Top positive review
Especially in war, doing the right thing can extract a high price.
Reviewed in the United States on August 5, 2019
In Victory of Eagles by Naomi Novik, Laurence and Teremaire pay a heavy irreversible price for saving the dragons.
Laurence, disgraced and convicted of treason, awaits his execution. Teremaire, exiled to the breeding grounds, finds himself in worse circumstances than ever before.
Bonaparte invades England. British leaders would be crazy not to use Teremaire to help them repel the invasion. Since they aren't crazy, Laurence and his dragon are enlisted in the war, but that doesn't mean things are looking up.
Laurence is in dire circumstances, has lost the respect of his men, and faces death.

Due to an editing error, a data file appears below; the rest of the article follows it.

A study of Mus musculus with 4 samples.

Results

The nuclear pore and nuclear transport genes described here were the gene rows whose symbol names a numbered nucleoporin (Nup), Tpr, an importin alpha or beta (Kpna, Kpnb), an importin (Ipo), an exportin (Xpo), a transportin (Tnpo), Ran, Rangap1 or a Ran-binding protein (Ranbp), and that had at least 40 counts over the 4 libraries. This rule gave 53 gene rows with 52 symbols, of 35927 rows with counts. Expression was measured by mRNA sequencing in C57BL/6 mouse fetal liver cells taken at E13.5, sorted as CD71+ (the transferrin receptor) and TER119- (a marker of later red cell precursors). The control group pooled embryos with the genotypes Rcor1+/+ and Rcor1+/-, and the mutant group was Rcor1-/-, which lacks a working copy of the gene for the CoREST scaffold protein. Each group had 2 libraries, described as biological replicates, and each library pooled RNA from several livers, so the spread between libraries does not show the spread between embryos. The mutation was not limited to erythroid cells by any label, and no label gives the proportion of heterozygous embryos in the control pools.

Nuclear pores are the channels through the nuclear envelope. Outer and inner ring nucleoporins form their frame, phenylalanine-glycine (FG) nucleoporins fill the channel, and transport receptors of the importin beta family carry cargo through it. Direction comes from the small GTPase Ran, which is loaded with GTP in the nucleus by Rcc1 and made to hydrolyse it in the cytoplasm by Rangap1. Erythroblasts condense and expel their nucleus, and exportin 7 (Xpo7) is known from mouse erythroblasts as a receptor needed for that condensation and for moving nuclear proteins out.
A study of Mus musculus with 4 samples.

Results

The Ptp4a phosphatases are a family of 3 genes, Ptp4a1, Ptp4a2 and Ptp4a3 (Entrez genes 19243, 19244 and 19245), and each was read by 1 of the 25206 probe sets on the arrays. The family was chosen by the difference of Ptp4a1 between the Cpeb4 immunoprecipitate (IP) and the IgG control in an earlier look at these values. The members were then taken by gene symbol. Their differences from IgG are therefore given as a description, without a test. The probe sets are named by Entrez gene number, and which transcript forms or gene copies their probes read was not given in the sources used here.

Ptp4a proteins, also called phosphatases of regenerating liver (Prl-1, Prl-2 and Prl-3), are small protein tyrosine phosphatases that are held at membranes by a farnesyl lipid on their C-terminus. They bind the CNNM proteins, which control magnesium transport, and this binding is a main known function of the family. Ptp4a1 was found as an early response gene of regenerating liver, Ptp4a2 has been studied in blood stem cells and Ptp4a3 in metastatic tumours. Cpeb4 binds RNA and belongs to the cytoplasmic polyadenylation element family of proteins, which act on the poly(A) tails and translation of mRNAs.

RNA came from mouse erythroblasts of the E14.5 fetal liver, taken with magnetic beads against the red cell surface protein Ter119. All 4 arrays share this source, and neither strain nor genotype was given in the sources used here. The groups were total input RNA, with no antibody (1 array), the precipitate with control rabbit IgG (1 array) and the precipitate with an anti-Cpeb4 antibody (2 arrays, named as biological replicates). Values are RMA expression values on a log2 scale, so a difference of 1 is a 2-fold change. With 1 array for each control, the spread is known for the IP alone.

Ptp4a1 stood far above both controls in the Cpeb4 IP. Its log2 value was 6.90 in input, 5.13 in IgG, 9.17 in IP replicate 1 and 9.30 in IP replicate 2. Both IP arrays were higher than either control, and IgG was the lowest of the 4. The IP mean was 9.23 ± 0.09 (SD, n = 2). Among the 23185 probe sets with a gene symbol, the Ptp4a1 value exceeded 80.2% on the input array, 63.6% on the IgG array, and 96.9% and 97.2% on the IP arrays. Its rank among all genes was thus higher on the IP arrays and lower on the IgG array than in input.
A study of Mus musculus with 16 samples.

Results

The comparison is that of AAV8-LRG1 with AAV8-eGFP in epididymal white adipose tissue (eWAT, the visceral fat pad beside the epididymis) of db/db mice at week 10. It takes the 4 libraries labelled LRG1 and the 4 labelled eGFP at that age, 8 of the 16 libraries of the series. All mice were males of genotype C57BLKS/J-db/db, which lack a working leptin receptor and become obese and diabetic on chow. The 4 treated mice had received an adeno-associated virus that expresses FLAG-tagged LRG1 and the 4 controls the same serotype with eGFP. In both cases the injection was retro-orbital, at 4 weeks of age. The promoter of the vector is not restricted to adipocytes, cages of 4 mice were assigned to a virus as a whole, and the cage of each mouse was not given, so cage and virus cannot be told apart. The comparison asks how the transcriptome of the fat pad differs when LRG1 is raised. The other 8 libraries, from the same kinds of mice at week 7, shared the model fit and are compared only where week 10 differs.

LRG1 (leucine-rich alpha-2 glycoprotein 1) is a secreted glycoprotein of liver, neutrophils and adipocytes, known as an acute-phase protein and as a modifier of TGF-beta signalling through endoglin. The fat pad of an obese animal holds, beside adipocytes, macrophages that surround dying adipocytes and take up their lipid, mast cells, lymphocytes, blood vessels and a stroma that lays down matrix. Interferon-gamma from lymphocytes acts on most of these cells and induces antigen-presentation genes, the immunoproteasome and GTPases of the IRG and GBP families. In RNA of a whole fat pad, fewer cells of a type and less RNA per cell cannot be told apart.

Then there are the breeding grounds. If Teremaire thought things were bad in general, dragons in the breeding ground have a terrible life.
Pretty much everyone is, to some degree, angry with Laurence. Even Jane, his ex-lover, barely speaks to him. Many of his men don't respect him.
Napolean's character is larger than life, and Novik captures his commanding presence and his influence.
Although he doesn't regret saving the sick dragons, Laurence's personal losses and heartaches travel with him throughout this book. Perhaps one of the most poignant moments is when they come to his father's estate, and it's untouched.
It's both a relief and a burden for Napolean singles him out and commands that his family is not to be touched. More fuel for those who despise him.
I wasn't sure how Novik would get our heroes out of the mess they created. She did two things that I thought were brilliant: first, she made the punishment fit the crime and didn't sugar coat anything, and second, she created a realistic and believable way for Laurance to sidestep execution.
That said, the future doesn't look brilliant for Laurence and Teremaire. I was okay with this because the story unfolded realistically.